Tuesday, May 17, 2005

High Concept Low Quality

High concept is the end-all be-all for Hollywood and, increasingly, for publishing. But what is it? Essentially, it’s a script or book that can be summarized effectively in one or two sentences. And that has a hook—a plot reversal or inherent irony that is (we hope) unexpected and refreshing. A classic example is Armageddon: A giant meteor is headed for earth, and an unlikely crew of deep-sea drillers must land on it to explode it to save Earth. (What makes this truly high-concept is the constitution of the crew.) One of the clearest examples is Top Ten by Ryne Douglas Pearson. A serial killer is last on the FBI’s Top 10 most wanted list, but his ego demands he reach number one, so he decides to kill his way down the list to get there. But number three on the list is an FBI agent.

Some great books and film are high-concept, of course, and when paired with fine execution, they can make for art and entertainment at the highest level (think Hitchcock). But the trend toward high concept increasingly irritates me because as a writer, I find high concept one of the easiest parts of the jobs. I get five high-concept ideas a week. And that’s all they are. Ideas. The whole key, for me, is whether the ideas have story engines, enough meat to demand further exploration and plotting. What I find happening more and more is that novelists and screenwriters come up with a high-concept hook and sell their project on the basis of that, while not committing to the real work that elevates a project above mediocrity. Great high-concept hooks are inevitably exciting (how GREAT is the hook behind The Bourne Identity?) but as with everything, the devil is in the details (which Ludlum ALSO had down for his brand of fiction). Good pacing, plotting, plausibility, character development. So many blockbusters that have passed into popcorn and remainder obscurity suffer from writers who reached the first step and pitched camp there rather than toiling onward.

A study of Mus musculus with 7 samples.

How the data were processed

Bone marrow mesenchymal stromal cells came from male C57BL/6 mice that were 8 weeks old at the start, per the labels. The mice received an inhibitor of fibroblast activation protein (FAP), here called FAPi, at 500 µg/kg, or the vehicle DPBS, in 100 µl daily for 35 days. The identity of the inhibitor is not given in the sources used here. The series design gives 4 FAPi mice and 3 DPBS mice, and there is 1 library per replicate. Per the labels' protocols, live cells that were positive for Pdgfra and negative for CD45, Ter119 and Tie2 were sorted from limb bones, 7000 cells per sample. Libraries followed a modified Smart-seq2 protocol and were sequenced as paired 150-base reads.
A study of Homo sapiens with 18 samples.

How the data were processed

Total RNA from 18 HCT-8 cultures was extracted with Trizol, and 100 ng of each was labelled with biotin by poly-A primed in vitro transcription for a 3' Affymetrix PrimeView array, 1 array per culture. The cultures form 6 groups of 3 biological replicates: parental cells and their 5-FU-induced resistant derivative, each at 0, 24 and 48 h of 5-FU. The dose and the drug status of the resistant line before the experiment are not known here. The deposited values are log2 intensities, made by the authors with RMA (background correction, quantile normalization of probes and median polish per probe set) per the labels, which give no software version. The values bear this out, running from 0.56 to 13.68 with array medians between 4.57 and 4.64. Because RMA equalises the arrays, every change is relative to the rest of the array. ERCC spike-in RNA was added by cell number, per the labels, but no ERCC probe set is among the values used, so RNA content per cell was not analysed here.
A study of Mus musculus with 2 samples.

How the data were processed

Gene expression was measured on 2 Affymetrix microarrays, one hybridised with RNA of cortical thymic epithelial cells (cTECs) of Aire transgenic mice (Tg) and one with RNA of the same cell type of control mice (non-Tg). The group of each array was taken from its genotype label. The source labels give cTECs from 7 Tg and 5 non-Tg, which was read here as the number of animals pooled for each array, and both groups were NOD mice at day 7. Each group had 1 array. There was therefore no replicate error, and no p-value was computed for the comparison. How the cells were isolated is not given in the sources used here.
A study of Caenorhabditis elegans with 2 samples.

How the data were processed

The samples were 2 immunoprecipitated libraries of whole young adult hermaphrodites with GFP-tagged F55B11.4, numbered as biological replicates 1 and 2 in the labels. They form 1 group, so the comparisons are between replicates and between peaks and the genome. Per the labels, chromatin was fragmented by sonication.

The job-and the art- is in what follows.


Peter L. Winkler said...

It's infected nonfiction as well. You get books that are really protracted magazine articles pushing one pop idea, like Everything Bad Is Good for You, whose premise is that watching today's tv shows and playing video games improves cognitive skills. These books often take an idea that seems counter intuitive but which comforts people - tv and video games really are good for kids - and beats them into the ground. Then there's the pop history books about some supposedly monumental event, invention or scientist. The subttitle always reads something like "The incredible untold story of the (fill in the blank) that changed the world."